Archive for October 2011

Go green! Go—uh, what?

14 October 2011
Categories: Rants, Sports

College football uniforms—for that matter, sports uniforms in general—have two simple, immutable requirements, both equal in importance:

  1. Display the school colors. Most schools have two official colors: maize and blue, Chicago maroon and burnt orange, green and white. Use them both.
  2. Make the numbers high-contrast and as legible as possible. A person with normal eyesight, sitting in end-zone seats, should be able to read the number of the player who just scored a touchdown at the other end of the field.

The “Pro Combat Series from Nike” uniforms that the Michigan State Spartans will wear on Saturday in their home-field defense of the Paul Bunyan Trophy fail on both counts. The bronze-on-green numbers, at least in publicity photos, are not particularly visible. And there’s no white anywhere on the uniform.

Beyond that, what irks me is that the use of bronze in the place of white is purported to be for “historic” reasons, the original Spartans having been Bronze Age warriors. Never mind that use of the name “Spartans” for Michigan State’s teams was the concoction of two Lansing sportswriters in the 1920s who (thankfully) took exception to the lame, prosaic name change selected by popular vote: the “Michigan Staters.”

If they really wanted to be historic, they’d call themselves “Aggies” and put a big intertwined M.A.C. logo on their uniforms, like these guys:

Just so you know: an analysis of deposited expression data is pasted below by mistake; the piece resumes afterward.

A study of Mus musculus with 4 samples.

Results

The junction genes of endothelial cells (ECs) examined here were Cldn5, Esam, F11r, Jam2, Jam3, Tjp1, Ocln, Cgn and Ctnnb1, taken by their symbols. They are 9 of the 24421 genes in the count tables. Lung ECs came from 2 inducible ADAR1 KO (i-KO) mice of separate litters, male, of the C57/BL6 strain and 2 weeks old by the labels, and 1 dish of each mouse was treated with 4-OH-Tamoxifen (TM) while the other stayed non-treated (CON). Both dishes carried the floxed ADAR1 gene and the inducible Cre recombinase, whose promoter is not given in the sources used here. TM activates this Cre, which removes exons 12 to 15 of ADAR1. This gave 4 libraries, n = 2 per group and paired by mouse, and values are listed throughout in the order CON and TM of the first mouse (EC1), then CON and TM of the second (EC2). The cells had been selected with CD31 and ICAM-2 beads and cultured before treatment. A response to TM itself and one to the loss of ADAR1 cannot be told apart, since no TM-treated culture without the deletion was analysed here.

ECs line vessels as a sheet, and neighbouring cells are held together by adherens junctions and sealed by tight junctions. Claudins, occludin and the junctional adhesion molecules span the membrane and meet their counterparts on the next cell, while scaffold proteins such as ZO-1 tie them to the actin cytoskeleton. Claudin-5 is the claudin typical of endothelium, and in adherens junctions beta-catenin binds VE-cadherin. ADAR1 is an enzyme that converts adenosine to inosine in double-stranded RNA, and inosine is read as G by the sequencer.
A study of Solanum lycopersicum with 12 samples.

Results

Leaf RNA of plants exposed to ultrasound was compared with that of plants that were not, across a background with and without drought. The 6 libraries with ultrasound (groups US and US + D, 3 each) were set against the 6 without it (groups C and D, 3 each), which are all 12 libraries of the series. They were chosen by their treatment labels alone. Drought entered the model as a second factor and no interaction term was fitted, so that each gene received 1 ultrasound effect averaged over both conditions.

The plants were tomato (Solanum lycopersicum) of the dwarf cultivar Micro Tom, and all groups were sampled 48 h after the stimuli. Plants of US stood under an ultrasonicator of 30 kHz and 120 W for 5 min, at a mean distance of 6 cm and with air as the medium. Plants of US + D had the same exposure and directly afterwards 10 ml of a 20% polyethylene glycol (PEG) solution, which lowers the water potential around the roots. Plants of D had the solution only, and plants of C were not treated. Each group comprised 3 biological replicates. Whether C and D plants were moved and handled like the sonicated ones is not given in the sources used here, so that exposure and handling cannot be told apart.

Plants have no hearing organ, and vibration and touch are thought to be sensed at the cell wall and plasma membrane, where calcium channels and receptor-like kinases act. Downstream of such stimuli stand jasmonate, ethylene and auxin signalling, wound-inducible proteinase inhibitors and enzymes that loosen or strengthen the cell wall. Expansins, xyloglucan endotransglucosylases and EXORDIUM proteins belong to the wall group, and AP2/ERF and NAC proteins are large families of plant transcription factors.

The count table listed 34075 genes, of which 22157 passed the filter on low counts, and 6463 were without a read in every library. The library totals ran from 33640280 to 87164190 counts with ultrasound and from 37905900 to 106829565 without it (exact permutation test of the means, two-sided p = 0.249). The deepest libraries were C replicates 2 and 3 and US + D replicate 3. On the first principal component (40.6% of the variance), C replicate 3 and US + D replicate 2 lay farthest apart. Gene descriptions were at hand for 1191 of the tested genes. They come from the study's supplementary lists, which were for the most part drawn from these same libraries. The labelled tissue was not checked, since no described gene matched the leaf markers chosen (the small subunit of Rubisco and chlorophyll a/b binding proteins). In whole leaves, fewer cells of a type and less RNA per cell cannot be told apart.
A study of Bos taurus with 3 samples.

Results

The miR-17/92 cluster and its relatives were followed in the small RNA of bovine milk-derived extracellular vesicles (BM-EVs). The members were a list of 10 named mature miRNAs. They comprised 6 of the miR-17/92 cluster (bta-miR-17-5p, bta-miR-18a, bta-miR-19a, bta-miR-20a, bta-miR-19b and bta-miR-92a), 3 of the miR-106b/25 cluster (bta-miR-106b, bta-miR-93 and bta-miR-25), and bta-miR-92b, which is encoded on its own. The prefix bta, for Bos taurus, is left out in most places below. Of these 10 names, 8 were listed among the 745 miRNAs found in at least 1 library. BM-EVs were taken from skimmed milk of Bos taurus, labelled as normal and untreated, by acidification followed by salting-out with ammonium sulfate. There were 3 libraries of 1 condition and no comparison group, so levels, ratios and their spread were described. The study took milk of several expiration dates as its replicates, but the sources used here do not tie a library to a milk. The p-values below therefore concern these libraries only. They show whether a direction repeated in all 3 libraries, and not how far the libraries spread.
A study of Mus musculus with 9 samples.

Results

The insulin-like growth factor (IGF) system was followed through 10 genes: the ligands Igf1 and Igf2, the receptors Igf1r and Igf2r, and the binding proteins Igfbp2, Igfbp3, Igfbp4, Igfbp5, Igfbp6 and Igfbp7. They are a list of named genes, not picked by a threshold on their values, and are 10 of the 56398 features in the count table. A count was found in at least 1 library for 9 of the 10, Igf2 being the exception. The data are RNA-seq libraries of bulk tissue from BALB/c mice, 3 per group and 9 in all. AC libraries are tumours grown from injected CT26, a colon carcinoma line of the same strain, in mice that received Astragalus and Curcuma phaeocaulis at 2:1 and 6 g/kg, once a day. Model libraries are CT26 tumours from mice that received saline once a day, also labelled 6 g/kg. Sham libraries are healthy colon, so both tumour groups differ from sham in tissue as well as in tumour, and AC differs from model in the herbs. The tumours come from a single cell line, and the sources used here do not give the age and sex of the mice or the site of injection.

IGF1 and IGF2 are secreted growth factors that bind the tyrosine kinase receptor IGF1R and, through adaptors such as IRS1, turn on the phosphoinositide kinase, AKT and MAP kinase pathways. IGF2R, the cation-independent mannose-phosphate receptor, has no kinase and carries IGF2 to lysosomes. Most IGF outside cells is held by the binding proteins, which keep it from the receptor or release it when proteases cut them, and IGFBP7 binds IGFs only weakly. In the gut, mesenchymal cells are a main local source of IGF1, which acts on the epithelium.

1915 Michigan Agricultural College Football Team. Image © Michigan State University Archives.

Maybe they could wear leather helmets, too.

Seriously though, I don’t have a problem with a certain amount of branding per se: Nike and Reebok and Under Armour logos have been plastered all over uniforms for years, and that’s just a part of the biz. But these Pro Combat uniforms go far beyond that, making every player on the team—who of course will receive zero compensation—into a game-long marketing tool.

Also, they’re fugly.

Da city dat works

7 October 2011
Categories: Chicago

There’s a famous quote by longtime Chicago mayor Richard J. Daley, spoken to the press during the mayhem in the midst of the 1968 Democratic Convention:

“Gentlemen, get the thing straight once and for all: the policeman isn’t there to create disorder—the policeman is there to preserve disorder.”

It’s a popular quote among many factions. Those who view the chaos in the summer of ’68 as a “police riot” will cite the quote as an example of a brutal fascist’s detachment from reality. Fans of the late mayor, or those taking a broader view of Chicago history, are amused by it: “oh, that Boss and his malapropisms,” they’ll say.

But this morning my wife had an epiphany, when a different interpretation suddenly occurred to her: maybe Hizzoner didn’t misspeak—maybe we misheard him.

We’ve seen the “Superfans” on Saturday Night Live, with their famous catchphrase: “Da Bears.” And I often hear cops on the police band radio saying they’re headed to gas up the patrol car at “Nort an’ Troop”—i.e., the city maintenance facility at North Avenue and Throop Street. That hard plosive (‘d’ or ‘t’) in the place of a softer fricative (‘th’) is a large part of the Chicago patois.

So maybe what Mr. Daley said was:

The policeman is there to preserve dis order.

“Dis” as in, “this.” As in: my order, my office, my administration, my regime.

It still falls into the realm of cocky, self-confident bluster, but that was King Richard for you.